Sunday 19 August 2018

'No winners here' - terminal cancer mum settles €2.5M claim

Vicky Phelan leaves court after the announcement of a settlement. Photo: Collins Courts
Vicky Phelan leaves court after the announcement of a settlement. Photo: Collins Courts

A mother-of-two with terminal cervical cancer who was wrongly given the all-clear seven years ago has said she suffered an "appalling breach of trust" after her High Court action was settled for €2.5m.

Vicky Phelan launched the legal proceedings after it emerged that her smear test, which showed no abnormalities, was found to be incorrect in a later review.

She told the court she was extremely angry that she was not told of the 2014 review of her smear test for another three years.

"If I was diagnosed I probably would have had to have a procedure and at worse a hysterectomy," she said.

"If I was told sooner I would not be in a position of a terminal cancer diagnosis."

Speaking outside court, Ms Phelan (43), of Carrigeen, Co Limerick, called for an investigation into the CervicalCheck screening programme.

"To know for almost three years a mistake had been made and I was misdiagnosed was bad enough," she said.

"To keep that from me until I became terminally ill, and to drag me through the courts to fight for my right to the truth, is an appalling breach of trust."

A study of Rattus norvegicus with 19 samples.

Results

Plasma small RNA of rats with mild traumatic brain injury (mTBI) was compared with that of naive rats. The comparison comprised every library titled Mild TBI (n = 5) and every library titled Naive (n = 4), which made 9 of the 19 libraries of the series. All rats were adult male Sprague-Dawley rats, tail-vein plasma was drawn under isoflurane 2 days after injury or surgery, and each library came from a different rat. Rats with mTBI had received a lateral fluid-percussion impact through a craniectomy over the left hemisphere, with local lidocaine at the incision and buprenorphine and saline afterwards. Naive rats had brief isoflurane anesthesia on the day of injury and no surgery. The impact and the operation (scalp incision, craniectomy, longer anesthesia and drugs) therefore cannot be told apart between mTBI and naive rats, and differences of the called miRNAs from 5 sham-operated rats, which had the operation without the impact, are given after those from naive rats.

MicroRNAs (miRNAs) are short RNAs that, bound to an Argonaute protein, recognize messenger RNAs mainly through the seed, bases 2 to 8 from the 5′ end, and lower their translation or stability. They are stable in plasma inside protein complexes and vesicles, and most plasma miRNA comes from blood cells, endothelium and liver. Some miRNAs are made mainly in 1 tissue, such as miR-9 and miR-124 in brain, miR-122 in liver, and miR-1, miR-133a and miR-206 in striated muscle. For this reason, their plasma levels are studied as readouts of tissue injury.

Ms Phelan broke down in tears as she thanked her husband, Jim, and family.

"There are no winners here today. I am terminally ill and there is no cure for my cancer," she said.

"My settlement will mostly be spent on buying me time and on paying for clinical trials to keep me alive and to allow me to spend more time with my children. If I die - I truly hope that won't be the case - the money will provide for my family."

Procedure

She was given the news last January that without palliative chemotherapy she has only six months to live, and about 12 months with the therapy.

Her counsel, Jeremy Maher, told the court at the outset of the case that if Ms Phelan's cervical cancer had been detected in 2011 when she underwent the smear test, she could have had a simple procedure and there was a 90pc chance she could have been cured.

On the fourth day of the hearing yesterday, Ms Phelan and her husband were in court as the settlement was announced.

The court was asked to make directions in relation to the part of the settlement which is for the Phelan children, Amelia (12) and seven-year-old Darragh.

Mr Justice Kevin Cross said he was delighted the case had been settled and described Ms Phelan as the most impressive witness he had ever come across.

The case against the HSE was struck out and the settlement was only against the US laboratory Clinical Pathology Laboratories of Austin, Texas, which analysed the smear test.

The settlement was without admission of liability.

Ms Phelan, who has recently started on a new drug, is still hopeful of being accepted on to a US programme offering radical treatment, and has already raised €200,000 through a GoFundMe page.

In the action by Ms Phelan and her husband, there was also a claim for aggravated and exemplary damages over the alleged failure to tell her for three years that a review of her 2011 smear test showed the original result was incorrect.

It was claimed the alleged failure to diagnose the 2011 smear test sample caused a situation where Ms Phelan's cancer was allowed to develop and spread until she was diagnosed in July 2014.